Background on Augustine's Conversion (October 17 premier)

           Augustine of Hippo (354-430 AD) was one of the most influential theologians in all of history. He helped articulate the doctrine of original sin, and his influential writings, including City of God and Confessions, are still read widely today. An order of monks was named after him, a type of grass prevalent in South Texas is called "St. Augustine grass," and several different philosophies and theologies are described as being "Augustinian."

            St. Augustine's testimony is a powerfully encouraging story. I suggest reading his auto-biography, Confessions, in which he not only shares his testimony, but also articulately describes spiritual realities we all experience. Augustine's Confessions has a way of speaking to people because it so raw. He tells the story of how God called him out of a life of unrepentant sin and into a life of beautiful holiness. The account of his garden conversion is particularly gripping. As far as I know, this story has never been set to music in a major work.

            I used texts straight from Henry Chadwick's English translation of Confessions in my work, Augustine's Conversion. The six movements follow the narrative and seek to musically express the life change process which Augustine underwent. The following is a chart describing each movement:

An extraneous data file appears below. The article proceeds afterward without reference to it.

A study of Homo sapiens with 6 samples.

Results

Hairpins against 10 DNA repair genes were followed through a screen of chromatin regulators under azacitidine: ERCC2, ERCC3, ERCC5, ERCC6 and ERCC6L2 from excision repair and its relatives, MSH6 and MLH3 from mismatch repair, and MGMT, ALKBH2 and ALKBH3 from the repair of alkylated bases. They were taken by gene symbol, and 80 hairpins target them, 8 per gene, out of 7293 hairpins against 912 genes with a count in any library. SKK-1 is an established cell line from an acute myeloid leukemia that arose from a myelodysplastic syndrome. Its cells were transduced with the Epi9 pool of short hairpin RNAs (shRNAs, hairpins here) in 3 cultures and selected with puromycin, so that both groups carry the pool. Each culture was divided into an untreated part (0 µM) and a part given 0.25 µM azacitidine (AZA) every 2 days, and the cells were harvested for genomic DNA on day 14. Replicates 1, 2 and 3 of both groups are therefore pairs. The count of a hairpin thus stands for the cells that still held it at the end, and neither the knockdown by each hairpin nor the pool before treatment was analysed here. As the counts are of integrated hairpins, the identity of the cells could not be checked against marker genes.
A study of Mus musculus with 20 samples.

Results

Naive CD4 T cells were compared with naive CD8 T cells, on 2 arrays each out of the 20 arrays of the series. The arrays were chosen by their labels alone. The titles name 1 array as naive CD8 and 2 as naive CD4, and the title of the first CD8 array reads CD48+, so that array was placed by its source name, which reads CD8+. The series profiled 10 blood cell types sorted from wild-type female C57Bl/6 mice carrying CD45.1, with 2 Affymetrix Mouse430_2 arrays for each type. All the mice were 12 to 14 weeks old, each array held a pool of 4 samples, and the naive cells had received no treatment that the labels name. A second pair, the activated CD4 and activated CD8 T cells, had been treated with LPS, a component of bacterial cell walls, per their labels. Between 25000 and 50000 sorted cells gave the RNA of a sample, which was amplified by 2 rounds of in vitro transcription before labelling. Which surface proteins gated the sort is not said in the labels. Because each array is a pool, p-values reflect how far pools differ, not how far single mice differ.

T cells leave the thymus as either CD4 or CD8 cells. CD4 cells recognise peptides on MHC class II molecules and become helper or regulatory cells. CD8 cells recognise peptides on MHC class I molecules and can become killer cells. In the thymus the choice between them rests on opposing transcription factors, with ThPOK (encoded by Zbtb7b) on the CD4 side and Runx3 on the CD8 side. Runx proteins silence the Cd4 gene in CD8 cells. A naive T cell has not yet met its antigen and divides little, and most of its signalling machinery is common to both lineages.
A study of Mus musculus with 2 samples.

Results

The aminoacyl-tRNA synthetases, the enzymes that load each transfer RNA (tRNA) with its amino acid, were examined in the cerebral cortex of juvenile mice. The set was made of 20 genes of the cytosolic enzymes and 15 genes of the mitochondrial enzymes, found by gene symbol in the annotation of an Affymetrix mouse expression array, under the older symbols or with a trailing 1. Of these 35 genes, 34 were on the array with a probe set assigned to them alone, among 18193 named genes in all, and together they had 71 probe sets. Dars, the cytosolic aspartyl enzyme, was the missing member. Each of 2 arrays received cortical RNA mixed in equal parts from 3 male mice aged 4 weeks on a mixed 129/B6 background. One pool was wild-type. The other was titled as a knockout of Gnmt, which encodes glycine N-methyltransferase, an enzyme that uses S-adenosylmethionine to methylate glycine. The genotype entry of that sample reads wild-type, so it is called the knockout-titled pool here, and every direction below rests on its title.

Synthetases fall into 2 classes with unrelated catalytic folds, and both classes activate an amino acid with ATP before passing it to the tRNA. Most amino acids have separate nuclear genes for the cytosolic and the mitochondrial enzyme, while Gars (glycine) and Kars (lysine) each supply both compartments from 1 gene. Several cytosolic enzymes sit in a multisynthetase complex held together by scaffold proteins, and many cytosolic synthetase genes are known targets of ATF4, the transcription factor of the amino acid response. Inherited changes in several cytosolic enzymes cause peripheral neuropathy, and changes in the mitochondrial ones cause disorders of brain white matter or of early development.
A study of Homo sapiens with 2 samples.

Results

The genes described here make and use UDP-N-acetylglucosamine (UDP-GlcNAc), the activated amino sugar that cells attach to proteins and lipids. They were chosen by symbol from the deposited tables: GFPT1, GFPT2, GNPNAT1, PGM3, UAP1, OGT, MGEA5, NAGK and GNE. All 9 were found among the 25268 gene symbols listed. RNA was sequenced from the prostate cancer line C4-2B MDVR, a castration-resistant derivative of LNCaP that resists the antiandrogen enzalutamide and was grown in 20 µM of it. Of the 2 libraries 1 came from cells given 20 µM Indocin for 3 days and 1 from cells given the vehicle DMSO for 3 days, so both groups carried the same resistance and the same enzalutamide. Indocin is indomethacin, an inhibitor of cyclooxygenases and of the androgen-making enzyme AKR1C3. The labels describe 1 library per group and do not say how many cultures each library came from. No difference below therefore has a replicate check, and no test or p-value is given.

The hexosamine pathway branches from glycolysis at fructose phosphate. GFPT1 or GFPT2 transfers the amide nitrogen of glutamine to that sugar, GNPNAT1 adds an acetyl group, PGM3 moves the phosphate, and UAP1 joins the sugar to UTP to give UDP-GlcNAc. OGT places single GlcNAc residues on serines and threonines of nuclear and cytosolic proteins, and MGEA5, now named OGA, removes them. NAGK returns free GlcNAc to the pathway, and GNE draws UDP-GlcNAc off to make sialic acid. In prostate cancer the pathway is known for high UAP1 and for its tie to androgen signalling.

The message of Augustine's Conversion is a relevant message for all times, but it seems particularly important to emphasize in our day and age. The message is that sin is real, it keeps people in darkness, but there is light and salvation available in Jesus Christ. We all struggle with sin and need a Savior. This message is also echoed in the other pieces in my recital program, including metrical psalm settings of Psalm 30 and Psalm 32, my arrangement of "Alas and Did My Savior Bleed," a new piece entitled, "Heir of Endless Love," which is adapted from a prayer entitled, "The Precious Blood," from the Valley of Vision puritan prayers book, and my original worship song, "You Sought Me."

            I am so excited to premier Augustine's Conversion! All are invited to the recital on Friday, October 17th, at 7:30 pm at Reynolds Recital Hall in the Cowden Music Building on the campus of Southwestern Baptist Theological Seminary.